The many noteworthy events which reflect the development of museum anthropology at the University of Oxford and also the development of the Pitt Rivers Museum are listed in the yearly tables below. The tables cover from 1850 to 2013 (the final year of the Fell Fund project). For more information about events in Augustus Pitt-Rivers' life, see here.
The tables include events which had previously been made available via the ESRC-funded Relational Museum project website, the Rethinking Pitt-Rivers project and brand new information obtained during the lifetime of this project. Sources include annual reports, archival material, historical accounts of the university and its departments, biographies etc.
Note: From 1933-34 Annual Reports for the Museum changed from being reports for single years (albeit written in the succeeding year, and often with references to events within that following year) to annual reports for a split year, that is to say for the last half of one year and the beginning of the next. The exact cut-off month changes over time, but for most annual reports it appears to have been the end of July, that is--each annual report covers 1st August to 31 July). Because most events listed in the annual reports (which are written as narrative prose rather than in tabular format) are undated, it is not easy to be sure if things happened later in one year or early in the succeeding one. For that reason for this date on all events should be presumed to probably have happened in either UNLESS they are specifically dated from 1933 onwards.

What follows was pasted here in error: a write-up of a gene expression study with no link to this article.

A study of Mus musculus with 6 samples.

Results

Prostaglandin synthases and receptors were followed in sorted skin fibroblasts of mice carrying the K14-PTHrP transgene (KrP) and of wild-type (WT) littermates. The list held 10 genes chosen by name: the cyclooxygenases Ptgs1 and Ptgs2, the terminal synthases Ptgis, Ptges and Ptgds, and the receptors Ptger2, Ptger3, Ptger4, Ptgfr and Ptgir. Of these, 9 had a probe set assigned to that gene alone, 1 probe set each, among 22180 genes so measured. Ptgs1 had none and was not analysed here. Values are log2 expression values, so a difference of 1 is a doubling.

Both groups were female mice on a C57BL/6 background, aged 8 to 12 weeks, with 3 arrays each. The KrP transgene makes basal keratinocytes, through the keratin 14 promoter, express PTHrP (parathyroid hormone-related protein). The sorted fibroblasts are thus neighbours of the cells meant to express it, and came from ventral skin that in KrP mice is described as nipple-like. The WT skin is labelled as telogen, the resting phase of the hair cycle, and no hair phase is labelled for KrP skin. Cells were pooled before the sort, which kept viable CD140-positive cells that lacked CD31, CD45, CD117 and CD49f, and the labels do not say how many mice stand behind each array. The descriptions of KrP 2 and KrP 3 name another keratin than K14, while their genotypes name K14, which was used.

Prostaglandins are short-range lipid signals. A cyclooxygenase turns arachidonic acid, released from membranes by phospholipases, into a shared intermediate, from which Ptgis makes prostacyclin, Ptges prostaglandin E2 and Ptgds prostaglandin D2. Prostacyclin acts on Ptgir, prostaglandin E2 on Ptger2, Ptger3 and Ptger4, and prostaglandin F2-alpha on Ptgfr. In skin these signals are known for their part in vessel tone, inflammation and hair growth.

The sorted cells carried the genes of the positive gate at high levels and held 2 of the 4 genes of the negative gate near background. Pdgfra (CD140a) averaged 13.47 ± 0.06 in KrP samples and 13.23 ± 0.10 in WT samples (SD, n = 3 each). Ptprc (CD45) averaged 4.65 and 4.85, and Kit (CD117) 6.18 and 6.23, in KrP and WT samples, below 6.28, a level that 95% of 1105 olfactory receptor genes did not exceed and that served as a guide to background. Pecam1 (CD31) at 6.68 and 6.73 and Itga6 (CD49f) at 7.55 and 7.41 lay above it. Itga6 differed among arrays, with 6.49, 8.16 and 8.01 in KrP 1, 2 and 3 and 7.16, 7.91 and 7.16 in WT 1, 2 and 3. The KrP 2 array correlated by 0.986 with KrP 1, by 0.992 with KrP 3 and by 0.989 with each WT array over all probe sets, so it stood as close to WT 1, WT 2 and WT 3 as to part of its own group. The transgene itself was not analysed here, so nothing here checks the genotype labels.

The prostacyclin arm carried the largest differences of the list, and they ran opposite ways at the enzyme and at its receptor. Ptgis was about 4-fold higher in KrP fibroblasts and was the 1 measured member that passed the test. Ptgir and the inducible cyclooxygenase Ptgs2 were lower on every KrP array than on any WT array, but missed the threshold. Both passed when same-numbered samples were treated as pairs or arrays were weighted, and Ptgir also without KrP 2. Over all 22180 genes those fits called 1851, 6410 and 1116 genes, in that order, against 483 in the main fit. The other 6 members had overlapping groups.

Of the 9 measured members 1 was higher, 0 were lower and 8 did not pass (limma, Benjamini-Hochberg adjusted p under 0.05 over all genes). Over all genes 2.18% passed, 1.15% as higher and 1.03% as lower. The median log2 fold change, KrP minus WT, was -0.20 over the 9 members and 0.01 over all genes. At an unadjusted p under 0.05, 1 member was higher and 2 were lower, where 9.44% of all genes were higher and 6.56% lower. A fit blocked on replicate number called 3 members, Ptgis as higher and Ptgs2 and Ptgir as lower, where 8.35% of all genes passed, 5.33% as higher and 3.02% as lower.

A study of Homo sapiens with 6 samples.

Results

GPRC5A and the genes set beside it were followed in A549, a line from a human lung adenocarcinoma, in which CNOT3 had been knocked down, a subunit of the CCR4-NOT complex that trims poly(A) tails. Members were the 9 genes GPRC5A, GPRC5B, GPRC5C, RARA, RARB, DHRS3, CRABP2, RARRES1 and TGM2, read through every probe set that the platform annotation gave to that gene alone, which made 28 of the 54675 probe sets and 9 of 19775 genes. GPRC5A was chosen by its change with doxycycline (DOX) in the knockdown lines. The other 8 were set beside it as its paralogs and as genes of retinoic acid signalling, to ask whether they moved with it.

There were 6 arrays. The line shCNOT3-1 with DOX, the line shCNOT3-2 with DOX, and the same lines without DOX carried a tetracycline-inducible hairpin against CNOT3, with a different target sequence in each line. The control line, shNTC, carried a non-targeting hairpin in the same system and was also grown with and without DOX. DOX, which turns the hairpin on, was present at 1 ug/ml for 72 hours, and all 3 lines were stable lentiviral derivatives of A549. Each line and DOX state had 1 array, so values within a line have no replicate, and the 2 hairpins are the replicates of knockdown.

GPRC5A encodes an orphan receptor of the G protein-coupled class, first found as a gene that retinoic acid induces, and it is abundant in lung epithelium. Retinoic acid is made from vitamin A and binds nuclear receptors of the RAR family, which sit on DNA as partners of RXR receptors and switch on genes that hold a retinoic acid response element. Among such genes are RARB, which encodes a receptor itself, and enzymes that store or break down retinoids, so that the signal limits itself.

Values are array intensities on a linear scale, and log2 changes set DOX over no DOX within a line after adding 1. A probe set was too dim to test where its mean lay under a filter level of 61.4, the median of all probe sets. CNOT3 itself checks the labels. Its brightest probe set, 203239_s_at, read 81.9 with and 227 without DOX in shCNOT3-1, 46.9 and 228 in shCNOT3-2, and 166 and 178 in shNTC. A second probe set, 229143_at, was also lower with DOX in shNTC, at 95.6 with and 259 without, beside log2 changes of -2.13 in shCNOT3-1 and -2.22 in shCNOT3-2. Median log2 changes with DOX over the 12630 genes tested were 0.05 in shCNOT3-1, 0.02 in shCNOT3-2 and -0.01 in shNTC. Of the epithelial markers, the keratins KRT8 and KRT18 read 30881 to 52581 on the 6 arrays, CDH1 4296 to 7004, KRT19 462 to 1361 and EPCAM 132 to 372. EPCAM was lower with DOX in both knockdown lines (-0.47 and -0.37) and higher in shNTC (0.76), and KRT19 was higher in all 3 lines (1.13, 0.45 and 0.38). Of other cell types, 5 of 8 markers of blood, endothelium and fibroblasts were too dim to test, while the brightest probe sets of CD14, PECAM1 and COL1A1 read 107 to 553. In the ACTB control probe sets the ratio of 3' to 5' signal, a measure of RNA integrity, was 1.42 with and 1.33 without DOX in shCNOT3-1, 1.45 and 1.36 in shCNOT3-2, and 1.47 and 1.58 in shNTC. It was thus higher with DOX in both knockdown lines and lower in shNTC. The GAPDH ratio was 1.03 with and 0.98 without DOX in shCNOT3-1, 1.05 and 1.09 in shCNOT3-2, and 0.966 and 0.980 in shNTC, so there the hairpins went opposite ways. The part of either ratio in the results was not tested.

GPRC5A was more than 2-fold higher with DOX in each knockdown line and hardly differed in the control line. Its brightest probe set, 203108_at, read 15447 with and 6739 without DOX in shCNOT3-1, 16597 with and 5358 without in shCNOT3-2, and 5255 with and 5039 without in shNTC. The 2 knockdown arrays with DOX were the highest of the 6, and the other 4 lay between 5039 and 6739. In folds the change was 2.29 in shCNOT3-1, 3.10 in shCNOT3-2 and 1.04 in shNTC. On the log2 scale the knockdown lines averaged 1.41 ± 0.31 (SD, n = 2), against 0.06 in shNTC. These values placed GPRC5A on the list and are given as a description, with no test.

Note that though this research project concentrates on the second half of the long nineteenth century (for this project defined as being 1850-1920), all of the available annual reports have been provided in full here, and events in all the years 1850-2013 have been summarised in year tables below. This is because this information will be very useful to lots of researchers working on the Museum's activities over a wider time-frame. Other parts of this website will look at the much shorter time-frame.